When coaches attack

One of the highlights of the NFL, besides the Tampa Bay Buccaneers upsetting the New Orleans Sinners, or rather Saints, 26-20, was the questionable display of sportsmanship and concomitant retaliation for that questionable display. You can view the video here.

Yesterday, the San Francisco 49er’s coach Jim Harbough shook losing Detroit Lions coach Jim Schwartz’s hand. Then he “patted” or pushed, Schwart’z back. Problem. I guess you just have to stick with the hand shake because Schwartz took issue, and felt like he was pushing him out of the way. Then as Harbough tried to flee the scene and get to the locker room, Schwartz chased him down, bumped into him, and had to be separated.

The NFL will will probably be handing out a few fines to both coaches sometime this week. 

But the interviews and commentary after the incident intrigued me.


Jim Harbough claimed, “It was on me. I just came in to shake his hand TOO hard.” I appreciated his admission of guilt. However, I have a feeling that a football coach doesn’t take offense a hard handshake. Confession is great and can restore relationships. However, if that which we confess, isn’t exactly what offended the other party, it will go nowhere. Harbough appeared to be the humble one and take the high road, but in the end, his confession probably only increased the gulf betwixt these coaches. Now he may call Schwartz and they may later have a cup of tea, or pint of beer, or whatever they drink. But I’m simply responding to the interview. What you apologize for is as important as how you apologize.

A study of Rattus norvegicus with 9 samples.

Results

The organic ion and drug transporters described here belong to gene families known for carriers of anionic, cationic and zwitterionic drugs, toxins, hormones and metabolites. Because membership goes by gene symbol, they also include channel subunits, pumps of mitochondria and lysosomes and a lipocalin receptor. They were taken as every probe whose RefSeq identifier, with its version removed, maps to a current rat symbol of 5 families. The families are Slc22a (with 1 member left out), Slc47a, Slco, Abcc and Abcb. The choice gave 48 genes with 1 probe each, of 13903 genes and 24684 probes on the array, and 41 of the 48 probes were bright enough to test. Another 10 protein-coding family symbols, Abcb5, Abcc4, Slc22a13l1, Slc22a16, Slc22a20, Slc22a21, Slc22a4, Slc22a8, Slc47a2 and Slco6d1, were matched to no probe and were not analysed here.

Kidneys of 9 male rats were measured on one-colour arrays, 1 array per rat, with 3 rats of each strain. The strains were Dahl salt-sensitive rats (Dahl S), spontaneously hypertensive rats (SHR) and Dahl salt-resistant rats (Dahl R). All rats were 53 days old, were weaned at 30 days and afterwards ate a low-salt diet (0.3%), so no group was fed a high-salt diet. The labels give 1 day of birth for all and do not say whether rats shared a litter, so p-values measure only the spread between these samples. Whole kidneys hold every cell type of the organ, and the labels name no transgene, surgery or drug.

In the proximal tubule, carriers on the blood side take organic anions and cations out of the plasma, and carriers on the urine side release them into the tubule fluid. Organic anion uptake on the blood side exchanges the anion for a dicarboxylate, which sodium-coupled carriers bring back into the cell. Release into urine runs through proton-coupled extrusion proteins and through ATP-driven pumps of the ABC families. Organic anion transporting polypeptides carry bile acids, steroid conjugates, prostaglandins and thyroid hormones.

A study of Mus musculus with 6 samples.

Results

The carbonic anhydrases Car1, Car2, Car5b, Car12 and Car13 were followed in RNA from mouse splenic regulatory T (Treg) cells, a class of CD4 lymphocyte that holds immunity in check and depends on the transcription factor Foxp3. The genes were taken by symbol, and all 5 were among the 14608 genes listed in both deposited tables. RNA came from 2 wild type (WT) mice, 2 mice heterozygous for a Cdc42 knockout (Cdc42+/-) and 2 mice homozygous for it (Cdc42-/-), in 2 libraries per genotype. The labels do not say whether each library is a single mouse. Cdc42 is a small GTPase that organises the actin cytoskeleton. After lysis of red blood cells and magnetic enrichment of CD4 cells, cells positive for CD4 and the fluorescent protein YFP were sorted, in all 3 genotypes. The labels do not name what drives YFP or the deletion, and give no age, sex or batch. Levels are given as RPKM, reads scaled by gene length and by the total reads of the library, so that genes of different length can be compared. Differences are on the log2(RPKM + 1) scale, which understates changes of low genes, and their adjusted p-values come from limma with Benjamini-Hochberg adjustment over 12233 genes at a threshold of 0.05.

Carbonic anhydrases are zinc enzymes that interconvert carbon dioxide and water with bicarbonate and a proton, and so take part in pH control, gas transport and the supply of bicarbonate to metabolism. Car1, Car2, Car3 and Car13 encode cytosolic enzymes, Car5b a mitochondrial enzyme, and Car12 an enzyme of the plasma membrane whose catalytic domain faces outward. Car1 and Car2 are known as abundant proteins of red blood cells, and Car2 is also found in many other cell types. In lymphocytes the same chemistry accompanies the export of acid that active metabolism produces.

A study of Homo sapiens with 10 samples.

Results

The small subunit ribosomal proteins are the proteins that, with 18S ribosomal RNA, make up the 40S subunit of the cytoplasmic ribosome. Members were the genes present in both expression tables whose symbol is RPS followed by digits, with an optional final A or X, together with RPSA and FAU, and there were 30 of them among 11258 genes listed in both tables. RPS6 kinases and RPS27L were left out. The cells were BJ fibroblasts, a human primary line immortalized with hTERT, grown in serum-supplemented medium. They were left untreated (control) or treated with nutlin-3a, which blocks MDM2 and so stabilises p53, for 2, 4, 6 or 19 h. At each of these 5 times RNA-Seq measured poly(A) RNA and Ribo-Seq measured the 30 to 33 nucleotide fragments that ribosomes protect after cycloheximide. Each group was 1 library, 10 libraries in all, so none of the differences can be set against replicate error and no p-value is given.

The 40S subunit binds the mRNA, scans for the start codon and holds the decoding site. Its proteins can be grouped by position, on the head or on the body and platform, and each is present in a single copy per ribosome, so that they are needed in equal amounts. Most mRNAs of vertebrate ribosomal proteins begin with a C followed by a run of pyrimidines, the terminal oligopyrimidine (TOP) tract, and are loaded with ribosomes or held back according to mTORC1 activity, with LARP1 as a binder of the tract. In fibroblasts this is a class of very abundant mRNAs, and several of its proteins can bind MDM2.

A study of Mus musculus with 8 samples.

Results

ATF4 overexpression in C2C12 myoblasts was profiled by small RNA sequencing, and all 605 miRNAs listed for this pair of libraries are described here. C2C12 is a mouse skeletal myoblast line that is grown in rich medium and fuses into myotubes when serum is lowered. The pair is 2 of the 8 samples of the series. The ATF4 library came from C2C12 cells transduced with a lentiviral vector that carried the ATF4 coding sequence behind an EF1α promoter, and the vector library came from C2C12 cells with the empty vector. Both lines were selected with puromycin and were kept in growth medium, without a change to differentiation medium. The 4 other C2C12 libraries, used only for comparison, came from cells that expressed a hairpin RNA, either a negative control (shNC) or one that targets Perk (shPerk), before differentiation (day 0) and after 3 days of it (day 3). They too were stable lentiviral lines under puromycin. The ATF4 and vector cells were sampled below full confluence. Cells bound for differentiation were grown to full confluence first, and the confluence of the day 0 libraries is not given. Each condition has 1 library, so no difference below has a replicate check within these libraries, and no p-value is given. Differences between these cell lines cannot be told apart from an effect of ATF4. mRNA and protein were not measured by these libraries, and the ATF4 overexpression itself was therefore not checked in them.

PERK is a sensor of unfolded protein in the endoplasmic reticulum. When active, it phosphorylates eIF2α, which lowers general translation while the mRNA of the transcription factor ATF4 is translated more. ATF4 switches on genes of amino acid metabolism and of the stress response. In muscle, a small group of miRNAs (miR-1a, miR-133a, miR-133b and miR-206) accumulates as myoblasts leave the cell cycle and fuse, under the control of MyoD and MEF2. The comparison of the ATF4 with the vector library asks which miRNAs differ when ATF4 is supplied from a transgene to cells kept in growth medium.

Schwartz claimed Harbough’s “sportsmanship,” comprised profanity among other things, including the “push” as more than a pat. He on the other hand, was unapologetic. He ignored the “chase down.” While what offended him was left unaddressed by Harbough, he completely ignored his part: chasing down a coach and having to be physically separated. Often times folks do us wrong. It’s often more than a subtle (in my opinion) “push-pat” confusion. But our response to sin doesn’t have to be some form of blatant or subtle (cold shoulder, gossip, bitterness) retalliation. We can instead explain that such and such a move was either “busch-league” or whether it really was clearly sin. 

This is hard. I’d rather snub someone, than tell them they hurt me. Sometimes retaliation is blatant. Sometimes it’s the subtle response we need to repent from. And I hate it for myself, and you-as we often want to vicariously get people back through other people. But I don’t get a vote, and you don’t either.


The commentary was solid. Coach Dungy recognized that even though someone wrongs you, you can’t retaliate. Of course this only makes sense with a Christian worldview, where Christ ended the need for the “I got you last game,” with his once for all death for sins. As a result, we don’t NEED to get people back because Jesus took care of our sins. He is the peace offering, who has made the two groups who believe-Gentile and Jew, 49’ers and Lions, offender and offended-one in Christ (Eph 2:14).

Finally, Rodney Harrison, who regularly was voted the league’s dirtiest player, and handed down multiple fines for his illegal hits had this to say: “What will you tell you kids?” I found that a bit close to ironic. But maybe there is an on-field ethic distinct from an off-field (when game has ended) ethic. Having not played the game, I can’t make a call. Still, Harrison brings a great challenge to all those in leadership. Your teachings have to apply to you. For instance, you can’t tell your kids, “Its important to go to church,” and then go to church when its convenient for you. Believe me, somehow it will not be convenient for them when in college, or any time after that.